If you live in a temperate part of the world, having tomatoes in your garden may feel like a given. They are one of the quintessential vegetables of the vegetable garden. However, if you live in a hot climate or, even worse, a hot and wet climate, tomatoes are not so easy. Luckily, science is hard at work spreading the tomato love around, and every year universities are putting out new, hardier varieties that will thrive in more climates… and still taste good. The Neptune is one such variety. Keep reading to learn more about Neptune tomato plant care and how to grow a Neptune tomato.
Neptune Tomato Info
What is a Neptune tomato? The tomato “Neptune” cultivar is relatively new on the tomato scene. Developed by Dr. J. W. Scott at the University of Florida’s Gulf Coast Research and Education Center and released to the public in 1999, it is bred specifically to stand up to hot and wet summers in places like the Deep South and Hawaii, where tomatoes are famously hard to grow.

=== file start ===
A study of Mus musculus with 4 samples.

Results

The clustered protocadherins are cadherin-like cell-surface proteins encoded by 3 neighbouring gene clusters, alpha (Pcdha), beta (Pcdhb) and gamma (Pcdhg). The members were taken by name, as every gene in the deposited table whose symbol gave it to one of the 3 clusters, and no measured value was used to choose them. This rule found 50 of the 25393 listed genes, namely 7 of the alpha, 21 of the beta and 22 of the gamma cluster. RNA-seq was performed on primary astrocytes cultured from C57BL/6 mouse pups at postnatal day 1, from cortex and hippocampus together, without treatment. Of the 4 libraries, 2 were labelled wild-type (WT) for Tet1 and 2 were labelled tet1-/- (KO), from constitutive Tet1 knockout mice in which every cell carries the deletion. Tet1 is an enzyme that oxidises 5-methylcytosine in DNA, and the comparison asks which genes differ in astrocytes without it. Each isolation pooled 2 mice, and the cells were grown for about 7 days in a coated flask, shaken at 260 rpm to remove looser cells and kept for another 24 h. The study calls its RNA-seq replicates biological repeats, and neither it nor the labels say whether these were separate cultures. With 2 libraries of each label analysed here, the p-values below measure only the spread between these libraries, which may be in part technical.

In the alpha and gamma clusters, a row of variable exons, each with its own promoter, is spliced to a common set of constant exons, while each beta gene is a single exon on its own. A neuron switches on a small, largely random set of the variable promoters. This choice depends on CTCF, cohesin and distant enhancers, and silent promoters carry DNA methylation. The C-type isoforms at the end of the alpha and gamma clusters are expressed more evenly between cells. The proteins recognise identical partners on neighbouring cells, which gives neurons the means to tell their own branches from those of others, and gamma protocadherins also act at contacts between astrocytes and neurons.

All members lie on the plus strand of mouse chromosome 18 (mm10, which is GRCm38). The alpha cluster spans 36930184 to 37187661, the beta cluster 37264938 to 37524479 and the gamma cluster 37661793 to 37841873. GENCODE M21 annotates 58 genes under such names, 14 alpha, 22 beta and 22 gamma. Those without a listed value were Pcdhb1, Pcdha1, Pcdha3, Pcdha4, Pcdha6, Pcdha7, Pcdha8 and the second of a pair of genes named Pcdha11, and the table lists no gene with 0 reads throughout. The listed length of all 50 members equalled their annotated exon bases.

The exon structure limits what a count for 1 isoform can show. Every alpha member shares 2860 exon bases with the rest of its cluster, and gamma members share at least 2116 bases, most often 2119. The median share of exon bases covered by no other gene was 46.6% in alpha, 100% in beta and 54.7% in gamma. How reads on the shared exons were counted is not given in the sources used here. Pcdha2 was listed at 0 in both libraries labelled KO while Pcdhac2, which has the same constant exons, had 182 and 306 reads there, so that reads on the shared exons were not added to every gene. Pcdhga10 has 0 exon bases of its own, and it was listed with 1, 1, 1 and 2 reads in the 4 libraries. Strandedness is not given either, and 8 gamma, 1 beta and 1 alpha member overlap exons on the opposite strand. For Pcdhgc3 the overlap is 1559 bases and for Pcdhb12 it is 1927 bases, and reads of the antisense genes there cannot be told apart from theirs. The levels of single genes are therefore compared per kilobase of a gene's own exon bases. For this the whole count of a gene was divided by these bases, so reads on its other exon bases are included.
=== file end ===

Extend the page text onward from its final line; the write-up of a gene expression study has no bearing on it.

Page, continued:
This tomato plant performs well in hot weather, which is a must. It stands out for its resistance to bacterial wilt, which is a serious problem for tomato growers in the southeastern U.S.
How to Grow a Neptune Tomato Plant
Neptune tomato plants develop fruit early to mid-season, usually taking 67 days to reach maturity. The fruits themselves are bright red and juicy, weighing about 4 oz. (113 g.) and growing in clusters of two to four.
The vines are determinate and bushy, usually reaching 2 to 4 feet (61 cm. to 1 m.) in height and growing its fruits on short, stubby stems. They can be grown in very large containers if necessary.
Like most tomato varieties, they need full sun, warm weather, and rich soil in order to produce to their full potential with similar care requirements.